Glenn Jefferson, pastor of New Beginning Full Gospel Baptist Church speaks to city councilmen about his planned church off Highway 69 South. Neighbor Angie Holly stands at the podium. Many neighbors spoke in opposition to the planned church, citing road inadequacies.

Glenn Jefferson, pastor of New Beginning Full Gospel Baptist Church speaks to city councilmen about his planned church off Highway 69 South. Neighbor Angie Holly stands at the podium. Many neighbors spoke in opposition to the planned church, citing road inadequacies. Photo by: Luisa Porter/Dispatch Staff

 

Jeff Clark

 

Columbus' public works director was criticized Tuesday, when members of the Columbus City Council alleged he misused city property. 

 

Before a full audience at the Columbus Municipal Complex, Mayor Robert Smith noted a local publication, The Real Story, falsely accused Smith of authorizing the paving of a driveway at Von's Exotic Hair Salon, located on Gardner Boulevard. 

 

"I told Mr. Pratt this would only be OK, if it was on the city right-of-way," Smith said, before calling for Pratt to explain his actions to the council. 

 

Pratt said he received a call from Von's owner Lavonne Harris concerning the roadway into her property. 

 

"We used a little bit of extra asphalt out of the truck that we couldn't use anywhere else," Pratt explained.  

 

Harris, who also is president of the local chapter of the National Association for the Advancement of Colored People, appeared before the board to clarify Pratt's involvement. 

 

"(Mike Pratt) did not spread this asphalt; I spread it out myself," she said. 

 

Ward 2 Councilman Joseph Mickens called for Pratt's resignation during the open-session council meeting. 

 

"All I can say is that it was put to our legal counsel and our counsel said it was illegal," Mickens said this morning. 

 

The council discussed Pratt in a closed executive session, but delayed action, pending further investigation into the matter. 

 

"It will be investigated," said Mickens today. "Something happened that should not have happened. We are up there to do a job by the taxpayers and we must do this job. We can't decide what we are going to sweep under the rug and what we are going to keep on top of the rug. There is too much of that going on. This ain't no black or white thing; it's a right thing." 

 

In another matter, the council unanimously passed a permitted-use request, allowing the construction of a new building, at 2533 Highway 69 South, for New Beginning Full Gospel Baptist Church. The property is located in a single family residential district. Ward 6 Councilman and Vice Mayor Bill Gavin recused himself from voting on the issue.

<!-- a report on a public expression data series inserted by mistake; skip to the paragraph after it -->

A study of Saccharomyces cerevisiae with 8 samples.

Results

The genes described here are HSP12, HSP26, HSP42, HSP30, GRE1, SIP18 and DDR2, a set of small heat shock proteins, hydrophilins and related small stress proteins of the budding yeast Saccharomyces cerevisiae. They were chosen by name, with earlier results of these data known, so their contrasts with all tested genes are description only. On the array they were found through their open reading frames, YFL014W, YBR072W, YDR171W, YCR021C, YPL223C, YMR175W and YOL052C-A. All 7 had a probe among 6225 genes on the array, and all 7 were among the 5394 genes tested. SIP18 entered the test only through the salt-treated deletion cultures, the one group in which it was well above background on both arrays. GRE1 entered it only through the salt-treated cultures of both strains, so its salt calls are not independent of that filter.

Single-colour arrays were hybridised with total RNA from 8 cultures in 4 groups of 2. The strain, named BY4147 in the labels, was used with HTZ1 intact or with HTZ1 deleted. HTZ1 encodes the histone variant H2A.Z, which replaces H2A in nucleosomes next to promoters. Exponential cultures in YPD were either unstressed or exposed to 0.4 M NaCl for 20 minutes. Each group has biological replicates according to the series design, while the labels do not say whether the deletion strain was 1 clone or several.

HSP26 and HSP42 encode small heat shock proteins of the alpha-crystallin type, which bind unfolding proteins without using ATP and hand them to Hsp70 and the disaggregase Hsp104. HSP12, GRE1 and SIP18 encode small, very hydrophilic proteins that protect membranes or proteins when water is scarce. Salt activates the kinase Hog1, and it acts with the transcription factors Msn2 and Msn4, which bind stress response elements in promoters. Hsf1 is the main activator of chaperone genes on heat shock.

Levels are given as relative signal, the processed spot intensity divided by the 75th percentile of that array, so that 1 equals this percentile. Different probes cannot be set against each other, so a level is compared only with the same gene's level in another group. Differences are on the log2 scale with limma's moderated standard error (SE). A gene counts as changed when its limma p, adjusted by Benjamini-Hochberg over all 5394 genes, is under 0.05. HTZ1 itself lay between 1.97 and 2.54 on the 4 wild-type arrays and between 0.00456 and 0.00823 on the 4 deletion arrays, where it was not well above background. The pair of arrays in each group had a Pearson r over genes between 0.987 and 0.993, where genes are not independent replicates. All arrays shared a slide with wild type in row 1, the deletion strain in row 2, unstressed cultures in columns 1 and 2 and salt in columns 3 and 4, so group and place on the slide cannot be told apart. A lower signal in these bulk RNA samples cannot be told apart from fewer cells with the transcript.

The Columbus Planning Commission earlier passed the issue to the council, without making a recommendation, following a tie vote at the March 12 commission meeting. 

 

Residents Tuesday spoke in opposition, noting a privately owned easement as a source of contention and claiming the neighborhood is to small to accommodate the church. 

 

"I have lived here for 50 years," Jack Burks said. "This road was built as a one-car road, so that there would be access for the owner to feed his cows. I think a church with a congregation of 250 people needs to find another place to build. This road is private. We have always kept it up. The city has never done anything for this road. 

 

"The church is planning to have a daycare and an after-school program and it's going to create too much traffic in the area," he added. "This will be too much traffic for the easement."  

 

Gail Beatty said the neighborhood should remain only a residential area. 

 

"I'm not comfortable with a church of 250 people being behind my house," she said. "When I sold this property, I thought it would be for residential purposes." 

 

Fire Chief Ken Moore noted the property is wide enough for a fire truck to pass and features a fire hydrant. 

 

With a supportive, large, vocal crowd behind him, New Beginning Pastor Glen Jefferson pleaded with the council to grant his permitted-use request. 

 

"We bought this property," Jefferson said. "You can't keep us from going on our property. We are here tonight to ask for your approval." 

 

City Attorney Jeff Turnage urged the church -- and the council -- to err on the side of caution, noting research into legal matters concerning the easement is required. But Jefferson said the church was ready to move forward. 

 

After the meeting, Jefferson said he was happy with the council's decision. 

 

"I sympathize with the neighbors who didn't want this," he said. "I have no ill will towards them, but I'm glad we are moving forward. Being in this building will help us help the community and that's all we want to do. I was overwhelmed by the support that was shown for us tonight. This is a good cause. The blueprints are drawn and we plan to get going soon." 

 

In other news, 

 

Several Columbus residents appeared before the council to discuss a variety of issues, including Hilda Fox, who challenged Mickens on his commitment to her ward. 

 

"When you told us you were running for councilman, I worked for you and campaigned for you," Fox said. "Now, when I call you, you won't even answer the phone." 

 

Mickens countered Fox's claims, stating he "always returns her calls." 

 

And Amanda Mackay informed the council of a project she was working on in memory of her father, former Ward 2 Councilman Doug Mackay. 

 

Mackay plans to clean a detention pond, located on East Lawrence Highway in East Columbus, beginning May 12. 

 

"This was my father's vision and I want to do this for him," she said. 

 

Also, the council unanimously appointed Jason Spears to a seat, vacated by Bruce Hanson, on the Columbus Municipal School District Board of Directors. Spears will fill the seat vacated by Bruce Hanson.